This is the unedited version of my story that ran in today’s (4/3) Daily Targum.

This year’s geek starting lineup. Both bearded men and the one wearing the blue suit have been eliminated.
(Michael Desmond/The CW)

TV critics and audiences look at the onslaught of reality programming that has gobbled up precious airtime with a mix of disdain and guilty pleasure. No one defends the presence of these unscripted ratings giants, but everyone–whether they admit it or not–has enjoyed at least one reality show in their life.

For many critics, the secret program of choice is The CW’s “Beauty and the Geek,” now entering it’s fifth season. Perhaps this is because the show, produced by Ashton Kutcher, tries honestly to show the human side of the contestants. The shift of concentration, from the usual “Real World”-ish bickering and drama to the mental and social growth of those involved, is the show’s redeeming quality.

In the first four seasons, a geeky guy and a hot girl would get paired up. They’d live together and compete against the other pairs in physical and mental challenges. Each week, a different pair would be voted off, until the final team standing won $250,000.

But the fifth season, which started March 11, threw a curve at viewers by spending the first three episodes pitting beauties against geeks. They competed in a series of challenges, and it seemed like the producers were forcing them to get to know each other, to strengthen the bond among cast members.

At the end of the third episode, after a few contestants had been eliminated, they finally announced that they would be splitting up into guy-girl pairs. The cast seemed generally relieved that the show would be returning to its normal format.

This cast is almost identical to every other season’s cast. There is Tommy, the “geek” who will probably end up being a hottie after the makeover episode, which we’ve seen every year. And on the opposite end there is Jim, a video game programmer with a huge beard who seems as if he physically is unable to talk to women. Like the super-geeks of seasons past, his transformation will be enormous and he’ll leave telling everyone how his life is changed forever. (NOTE: Jim was voted off in the time between writing and publishing. He didn’t make it to the makeover, but he did say his life was changed. He also asked if he could kiss his partner and it was simultaneously adorable and cringe-inducing.)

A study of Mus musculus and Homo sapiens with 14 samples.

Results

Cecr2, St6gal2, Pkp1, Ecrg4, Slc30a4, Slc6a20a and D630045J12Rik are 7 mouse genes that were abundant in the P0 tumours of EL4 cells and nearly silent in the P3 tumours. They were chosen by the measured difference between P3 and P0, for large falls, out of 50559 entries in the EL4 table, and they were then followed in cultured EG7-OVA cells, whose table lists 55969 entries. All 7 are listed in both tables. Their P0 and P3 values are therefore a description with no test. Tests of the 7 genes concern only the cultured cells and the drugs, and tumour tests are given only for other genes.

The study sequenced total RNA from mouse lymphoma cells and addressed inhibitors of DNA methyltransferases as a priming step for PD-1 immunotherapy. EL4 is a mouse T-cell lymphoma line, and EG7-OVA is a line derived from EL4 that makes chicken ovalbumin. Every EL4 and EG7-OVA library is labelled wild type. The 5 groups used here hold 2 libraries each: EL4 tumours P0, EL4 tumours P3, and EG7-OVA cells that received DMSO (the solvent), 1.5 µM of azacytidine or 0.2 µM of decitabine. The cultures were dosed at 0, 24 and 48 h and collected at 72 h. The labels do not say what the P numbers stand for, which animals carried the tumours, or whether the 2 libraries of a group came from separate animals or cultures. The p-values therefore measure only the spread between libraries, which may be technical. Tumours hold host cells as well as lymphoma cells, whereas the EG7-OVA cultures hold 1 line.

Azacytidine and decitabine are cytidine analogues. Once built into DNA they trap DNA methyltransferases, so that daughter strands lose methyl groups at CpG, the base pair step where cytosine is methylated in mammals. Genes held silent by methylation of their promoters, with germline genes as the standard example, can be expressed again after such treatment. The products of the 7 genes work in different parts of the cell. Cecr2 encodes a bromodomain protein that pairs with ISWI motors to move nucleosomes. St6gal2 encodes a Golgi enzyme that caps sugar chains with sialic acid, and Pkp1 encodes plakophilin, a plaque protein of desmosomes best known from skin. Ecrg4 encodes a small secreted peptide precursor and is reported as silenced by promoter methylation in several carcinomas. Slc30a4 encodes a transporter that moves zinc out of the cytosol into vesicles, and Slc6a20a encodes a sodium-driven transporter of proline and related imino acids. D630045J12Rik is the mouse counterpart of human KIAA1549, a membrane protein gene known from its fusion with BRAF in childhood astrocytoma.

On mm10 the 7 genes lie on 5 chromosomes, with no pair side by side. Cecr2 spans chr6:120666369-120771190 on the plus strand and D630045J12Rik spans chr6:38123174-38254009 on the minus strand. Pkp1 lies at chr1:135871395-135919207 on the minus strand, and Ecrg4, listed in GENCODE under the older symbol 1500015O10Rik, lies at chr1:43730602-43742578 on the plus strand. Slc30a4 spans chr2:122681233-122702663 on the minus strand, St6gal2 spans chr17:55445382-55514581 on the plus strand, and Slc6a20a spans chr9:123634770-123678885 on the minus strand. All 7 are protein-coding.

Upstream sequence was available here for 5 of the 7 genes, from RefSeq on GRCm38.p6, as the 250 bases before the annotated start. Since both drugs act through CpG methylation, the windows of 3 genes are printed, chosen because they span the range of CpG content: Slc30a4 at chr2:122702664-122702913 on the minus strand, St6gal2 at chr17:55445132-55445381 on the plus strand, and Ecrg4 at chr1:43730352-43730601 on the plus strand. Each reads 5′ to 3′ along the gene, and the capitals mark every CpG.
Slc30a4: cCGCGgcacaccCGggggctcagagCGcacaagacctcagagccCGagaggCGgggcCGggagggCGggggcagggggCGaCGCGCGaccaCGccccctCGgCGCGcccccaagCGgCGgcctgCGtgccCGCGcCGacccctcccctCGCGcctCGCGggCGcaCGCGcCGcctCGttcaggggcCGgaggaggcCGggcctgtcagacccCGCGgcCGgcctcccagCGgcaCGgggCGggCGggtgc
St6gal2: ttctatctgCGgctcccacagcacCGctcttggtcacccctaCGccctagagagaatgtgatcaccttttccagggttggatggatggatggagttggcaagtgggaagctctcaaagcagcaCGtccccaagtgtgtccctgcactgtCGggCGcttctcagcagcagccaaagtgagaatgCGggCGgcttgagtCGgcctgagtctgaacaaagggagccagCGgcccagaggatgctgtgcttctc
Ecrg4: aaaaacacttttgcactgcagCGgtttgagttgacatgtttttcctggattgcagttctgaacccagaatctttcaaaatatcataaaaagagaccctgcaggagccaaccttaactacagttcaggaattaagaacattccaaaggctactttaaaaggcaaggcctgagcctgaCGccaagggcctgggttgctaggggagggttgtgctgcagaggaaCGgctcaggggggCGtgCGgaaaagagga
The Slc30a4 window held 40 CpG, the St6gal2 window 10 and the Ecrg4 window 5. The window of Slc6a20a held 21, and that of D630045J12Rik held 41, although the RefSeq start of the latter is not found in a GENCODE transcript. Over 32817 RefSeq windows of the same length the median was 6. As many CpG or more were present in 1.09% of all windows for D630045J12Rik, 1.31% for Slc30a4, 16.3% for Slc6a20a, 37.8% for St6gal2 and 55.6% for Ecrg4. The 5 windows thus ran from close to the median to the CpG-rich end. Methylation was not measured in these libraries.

On the female end of it, it seems that each year the beauties have gotten a bit less beautiful. Now, in season five, some of them are downright weird looking. Playboy model Jillian is a nice exception, but it’s hard to imagine what the producers were thinking when they cast squeaky-voiced “aspiring soap star” Cara or trash-talking Randi. Sure, these girls are on the slow side, but they won’t be making any jaws drop with their appearance.

“Greggie,” the gay Asian geek, doing what he does best. (Michael Desmond/The CW)

The cast has some interesting new additions, such as the first-ever gay geek (or “self-proclaimed gaysian”) Greg. He’s not as smart as the other geeks, but he is just as socially inept. The girls swarmed to him the first episode and have shown him an inordinate amount of favor, even nicknaming him “Greggie.”

The characters on Beauty and the Geek are always wonderful, and are presented in a genuine fashion, so that the viewer may actually feel like they’ve gotten to know the people they’re watching. The producers have the formula down – find good people, get them to change their views on beauties/geeks, and make sure they give a tearful goodbye speech.

This season is going to have lots of tears, and lots of changing, and it’s shaping up to be a lot of fun. That is, as long as they don’t go mucking around with the formula anymore.